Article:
UNAMA photo exhibition in Kabul showcases the resilience of Afghan life

4 Sep 2012

UNAMA photo exhibition in Kabul showcases the resilience of Afghan life

The United Nations Assistance Mission in Afghanistan (UNAMA) has unveiled a 25-image rotating photo exhibition in the grounds of Bagh-e-Babur Garden in Kabul to showcase aspects of Afghan life. Please visit the UNAMA photo site to view the images on display

Eric Kanalstein, the UNAMA head of photography, said the images on display would remain on view from 30 August to 30 November and the selection of images would change every three weeks.

“The images are part of an ongoing communications effort on behalf of UNAMA photographers to help reveal the consistency of hardship, and the efforts and resilience of the Afghan spirit throughout the country to the capital. Bagh-e-Babur was chosen to display the images because it is such a beautifully reflective setting,” said Mr. Kanalstein.

The photographs in this rotating collection focus on the everyday challenges faced by Afghans in re-building their lives, their homes, their streets and their villages. Each image is a reflection of the daily struggle for survival encountered by Afghan women, children and men.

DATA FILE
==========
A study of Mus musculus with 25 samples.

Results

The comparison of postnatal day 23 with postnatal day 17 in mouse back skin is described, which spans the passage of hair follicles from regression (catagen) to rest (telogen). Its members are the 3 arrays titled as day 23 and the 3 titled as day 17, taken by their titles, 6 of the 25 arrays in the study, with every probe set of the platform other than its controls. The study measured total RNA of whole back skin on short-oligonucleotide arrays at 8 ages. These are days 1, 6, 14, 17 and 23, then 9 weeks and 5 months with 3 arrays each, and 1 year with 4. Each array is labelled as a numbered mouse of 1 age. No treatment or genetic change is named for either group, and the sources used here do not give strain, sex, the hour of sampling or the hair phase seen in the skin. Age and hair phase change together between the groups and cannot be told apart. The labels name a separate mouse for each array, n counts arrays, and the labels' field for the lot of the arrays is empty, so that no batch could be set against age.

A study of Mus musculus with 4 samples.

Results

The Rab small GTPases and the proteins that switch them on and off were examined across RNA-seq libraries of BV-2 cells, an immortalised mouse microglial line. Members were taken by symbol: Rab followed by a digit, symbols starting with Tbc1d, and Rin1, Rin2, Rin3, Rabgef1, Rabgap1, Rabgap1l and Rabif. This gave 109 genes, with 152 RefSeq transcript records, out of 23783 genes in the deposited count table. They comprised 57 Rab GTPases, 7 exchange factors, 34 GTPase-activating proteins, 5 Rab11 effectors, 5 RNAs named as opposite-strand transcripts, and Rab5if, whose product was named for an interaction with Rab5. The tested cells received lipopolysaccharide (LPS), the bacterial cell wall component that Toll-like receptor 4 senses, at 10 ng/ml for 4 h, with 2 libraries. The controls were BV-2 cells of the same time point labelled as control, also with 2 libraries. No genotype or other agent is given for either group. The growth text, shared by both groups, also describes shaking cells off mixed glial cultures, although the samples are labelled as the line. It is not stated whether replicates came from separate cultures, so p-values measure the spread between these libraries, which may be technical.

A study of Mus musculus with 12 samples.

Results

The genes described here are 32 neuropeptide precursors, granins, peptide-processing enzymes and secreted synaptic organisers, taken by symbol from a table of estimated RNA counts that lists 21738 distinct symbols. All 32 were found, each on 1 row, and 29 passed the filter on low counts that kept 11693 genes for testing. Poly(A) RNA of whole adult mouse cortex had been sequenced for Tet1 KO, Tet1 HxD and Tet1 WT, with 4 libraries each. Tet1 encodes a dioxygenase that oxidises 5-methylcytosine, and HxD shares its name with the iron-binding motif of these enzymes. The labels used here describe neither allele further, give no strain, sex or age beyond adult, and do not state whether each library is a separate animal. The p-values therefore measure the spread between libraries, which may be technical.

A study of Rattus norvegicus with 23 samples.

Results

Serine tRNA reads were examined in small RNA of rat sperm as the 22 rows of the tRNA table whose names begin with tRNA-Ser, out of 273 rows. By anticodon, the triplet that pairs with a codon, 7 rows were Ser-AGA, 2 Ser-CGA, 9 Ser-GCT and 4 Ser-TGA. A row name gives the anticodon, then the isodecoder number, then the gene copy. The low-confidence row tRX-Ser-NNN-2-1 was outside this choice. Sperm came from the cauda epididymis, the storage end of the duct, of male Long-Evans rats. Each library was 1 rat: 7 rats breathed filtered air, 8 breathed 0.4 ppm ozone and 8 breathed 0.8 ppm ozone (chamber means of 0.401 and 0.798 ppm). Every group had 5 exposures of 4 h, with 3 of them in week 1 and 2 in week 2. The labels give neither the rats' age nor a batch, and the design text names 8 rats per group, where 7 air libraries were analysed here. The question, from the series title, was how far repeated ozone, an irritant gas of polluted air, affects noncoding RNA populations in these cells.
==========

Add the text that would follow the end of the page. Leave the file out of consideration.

UNAMA regularly organizes photographic exhibitions highlighting relevant human rights issues facing current-day Afghanistan, including an exhibit in Kabul earlier this year on women’s and children’s rights, as well as a retrospective at the United Nations Secretariat in New York in July 2011.

Mr. Kanalstein said the work was characterized by subtlety; the motifs were drawn from ordinary daily subjects, yet possessed something exceptional in them. “The rotating body of work conveys a harmonious message of human triumph and resilience in the face of adversity and seemingly perpetual chaos.”

UNAMA hopes that the selection of images will dispel some of the misunderstandings about Afghan society, most notably the extent of the current conflict and the not-so-visible efforts of Afghan civilians to rebuild their shattered lives.

“Each photograph represents a piece of the story constantly unfolding in Afghanistan, and is meant to bring the viewer closer to the realities of life and portray the transcending human qualities that can never be bound by culture or geography,” added Mr. Kanalstein.